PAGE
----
Prenatal Screenings Option for All Pregnant Women

Women's Health Update

A variety of prenatal screenings are available for pregnant woman during different stages of pregnancy.

Babies born to parents in the following categories, according to the American College of Obstetricians and GynecologistsOff Site Icon  (ACOG), have a higher likelihood of being born with a birth defect:

  • Family history includes a genetic disorder
  • You are part of an ethnic group at high risk for some genetic disorders
  • You have a genetic disorder
  • You have had a previous child with a genetic disorder

Although the screenings are available to everyone, each pregnant woman has a choice whether or not to have them done, according to the ACOG.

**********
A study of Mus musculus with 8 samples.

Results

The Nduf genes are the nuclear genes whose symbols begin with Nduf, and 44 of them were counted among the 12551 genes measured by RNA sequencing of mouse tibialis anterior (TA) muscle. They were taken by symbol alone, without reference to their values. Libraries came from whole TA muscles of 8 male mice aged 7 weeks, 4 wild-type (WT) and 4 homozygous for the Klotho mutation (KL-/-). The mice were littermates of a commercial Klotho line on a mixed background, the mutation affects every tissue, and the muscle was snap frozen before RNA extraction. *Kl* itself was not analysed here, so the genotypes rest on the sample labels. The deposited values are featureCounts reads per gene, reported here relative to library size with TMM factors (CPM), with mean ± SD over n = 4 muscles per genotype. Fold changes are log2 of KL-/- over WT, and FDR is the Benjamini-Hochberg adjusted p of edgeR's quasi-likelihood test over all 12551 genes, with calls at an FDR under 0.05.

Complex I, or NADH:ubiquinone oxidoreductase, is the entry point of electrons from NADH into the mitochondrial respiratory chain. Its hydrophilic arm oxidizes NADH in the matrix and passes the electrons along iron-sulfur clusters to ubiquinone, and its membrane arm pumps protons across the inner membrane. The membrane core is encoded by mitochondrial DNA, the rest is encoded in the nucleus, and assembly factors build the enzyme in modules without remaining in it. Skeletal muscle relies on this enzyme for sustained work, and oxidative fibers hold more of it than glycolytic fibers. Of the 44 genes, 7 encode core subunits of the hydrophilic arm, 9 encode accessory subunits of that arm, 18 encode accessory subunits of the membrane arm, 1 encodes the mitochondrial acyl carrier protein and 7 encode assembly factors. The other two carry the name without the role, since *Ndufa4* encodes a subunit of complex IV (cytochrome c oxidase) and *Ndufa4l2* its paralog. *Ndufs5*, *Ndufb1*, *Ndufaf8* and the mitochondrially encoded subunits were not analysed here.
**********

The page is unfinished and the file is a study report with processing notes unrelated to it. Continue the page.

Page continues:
Finding out in advance that your child is at risk of or has a birth defect can help you prepare to care for those needs before the child is born, according to the ACOG. 

Some ways to prepare for a baby born with a birth defect, according to the American Pregnancy AssociationOff Site Icon (APA), include: 

  • Address anticipated lifestyle changes
  • Look for support groups and resources
  • Seek out available interventions, such as possible fetal surgery for spina bifida
  • Start planning for a child with special needs

The most common, least invasive screening women have the option of having during pregnancy is the combined first trimester screening, which included a blood test and an ultrasound, according to the ACOG. The screen checks for Down syndrome, trisomy 13 and trisomy 18.

For more information about prenatal screenings, talk with your doctor or find a physician.